The Supreme Court arguments this week has taken the focus away from budget week in the House. A series of budget bills have already come up for a vote, with final passage of the Ryan budget, which ends Medicare as we know it and ratchets down discretionary spending over time to a tiny nub, expected today.

Pretty much any member of Congress who puts together a budget at this point is eligible for getting a substitute amendment to a vote on the floor. So far, we’ve seen three. Republican Mick Mulvaney introduced the Obama 2013 budget, and that got absolutely destroyed on a vote of 0-414. That’s right, it didn’t get a single vote. It also wasn’t the entire Obama budget, just the top-line numbers. So it read as merely a vote for increasing the national debt.

“This is politics at its absolute worst: presenting something as the President’s budget without the policy detail, without the explanation to the American people about what’s in the President’s budget,” he said. “And as a result, he presents a very misleading version of what the President has asked us to do.”

Mulvaney seemed to relish the idea of bringing up a proposal based on Obama’s numbers, and openly wondered, tongue-in-cheek, why no Democrats sought to introduce it. He then criticized it by saying it does not foresee a balanced budget at any point in the future.

“The budget that the President offered and that is contained in this amendment never balances,” he said. “It is a balanced approach to reach a never-balancing budget.”

Emanuel Cleaver introduced the Congressional Black Caucus budget, an annual rite. This year it got 107 votes.

But the most interesting portion of the night was the vote on a plan modeled on Bowles-Simpson, the plan from the chairs of the 2010 catfood commission. Reps. Jim Cooper (D-TN) and Steven LaTourette (R-OH) introduced the budget, which includes all the elements of Bowles-Simpson, including the tax increases, entitlement cuts, and magic asterisk for health care. And to prove that nobody in Washington cares about deficit reduction as much as they talk about it, the Bowles-Simpson plan crashed and burned, attracting only 38 votes.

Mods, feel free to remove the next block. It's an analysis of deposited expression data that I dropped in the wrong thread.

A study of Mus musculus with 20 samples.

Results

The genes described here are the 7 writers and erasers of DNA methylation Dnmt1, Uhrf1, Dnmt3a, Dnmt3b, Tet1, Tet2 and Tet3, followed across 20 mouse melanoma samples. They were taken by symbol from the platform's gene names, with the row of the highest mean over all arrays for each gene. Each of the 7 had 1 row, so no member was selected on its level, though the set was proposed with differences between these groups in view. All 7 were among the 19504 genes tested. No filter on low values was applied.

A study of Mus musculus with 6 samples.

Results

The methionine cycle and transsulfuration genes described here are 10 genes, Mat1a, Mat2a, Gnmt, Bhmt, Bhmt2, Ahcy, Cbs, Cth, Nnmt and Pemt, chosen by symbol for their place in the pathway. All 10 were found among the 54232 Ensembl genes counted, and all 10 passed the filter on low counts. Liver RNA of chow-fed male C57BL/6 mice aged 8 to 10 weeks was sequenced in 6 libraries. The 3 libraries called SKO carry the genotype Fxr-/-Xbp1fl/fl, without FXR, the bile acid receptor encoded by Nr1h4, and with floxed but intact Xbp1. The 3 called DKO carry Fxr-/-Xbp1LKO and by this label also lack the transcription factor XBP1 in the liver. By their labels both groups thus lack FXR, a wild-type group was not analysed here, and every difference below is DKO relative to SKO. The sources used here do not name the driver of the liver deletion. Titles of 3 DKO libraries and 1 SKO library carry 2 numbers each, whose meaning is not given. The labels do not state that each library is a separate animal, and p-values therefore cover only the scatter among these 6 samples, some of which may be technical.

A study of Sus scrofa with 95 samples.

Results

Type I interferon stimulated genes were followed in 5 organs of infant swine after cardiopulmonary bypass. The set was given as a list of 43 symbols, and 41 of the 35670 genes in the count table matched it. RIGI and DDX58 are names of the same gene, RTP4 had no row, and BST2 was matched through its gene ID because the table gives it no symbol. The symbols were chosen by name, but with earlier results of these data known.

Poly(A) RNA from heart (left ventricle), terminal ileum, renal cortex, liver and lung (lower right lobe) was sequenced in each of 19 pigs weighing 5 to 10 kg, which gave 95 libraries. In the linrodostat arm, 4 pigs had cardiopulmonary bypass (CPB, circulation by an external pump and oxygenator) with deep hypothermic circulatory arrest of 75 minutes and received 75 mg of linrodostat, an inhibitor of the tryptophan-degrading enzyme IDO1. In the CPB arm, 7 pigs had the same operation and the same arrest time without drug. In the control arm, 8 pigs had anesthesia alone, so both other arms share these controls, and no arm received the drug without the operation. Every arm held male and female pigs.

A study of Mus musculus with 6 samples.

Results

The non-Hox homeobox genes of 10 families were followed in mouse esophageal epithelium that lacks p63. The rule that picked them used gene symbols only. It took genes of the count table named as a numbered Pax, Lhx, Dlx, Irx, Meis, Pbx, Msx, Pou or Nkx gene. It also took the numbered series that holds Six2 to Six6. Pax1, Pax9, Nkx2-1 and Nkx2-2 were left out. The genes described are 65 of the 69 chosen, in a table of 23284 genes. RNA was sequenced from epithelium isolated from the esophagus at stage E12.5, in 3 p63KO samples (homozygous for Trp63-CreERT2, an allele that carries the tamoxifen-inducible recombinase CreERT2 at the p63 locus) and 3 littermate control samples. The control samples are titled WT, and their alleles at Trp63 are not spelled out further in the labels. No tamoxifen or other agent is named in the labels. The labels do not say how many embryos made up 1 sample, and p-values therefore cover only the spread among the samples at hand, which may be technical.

Liberal and conservative groups appeared to be so alarmed that the budget resolution might gain momentum Wednesday night that they issued sharp news releases hours before the vote warning members not to compromise.

The White House and many Democrats have called for deficit reduction through a combination of targeted spending cuts and large tax increases. Many Republicans, particularly congressional leaders, have said they won’t support a deficit-reduction plan that raises taxes, and they have said any deal would require a large restructuring of Medicare and Medicaid.

Paul Ryan himself, who was a member of the Bowles-Simpson committee, spoke against the bill, saying it would keep Obamacare in place and raise taxes. On the Democratic side, obviously the cuts to the safety net were a bridge too far. This doesn’t mean the end of a “grand bargain” framework – the leaders that brought Bowles-Simpson forward see it as a starting point – but it’s a pretty humiliating setback.

So today we will see votes on the Progressive Caucus’ Budget for All, the official Democratic budget alternative, the Republican Study Group budget, and finally the Ryan plan, which is expected to pass on a party-line vote. David Rogers reports that Ryan backed down and will allow funding for natural disasters to go above the spending caps in the agreement, as per the deal made last August.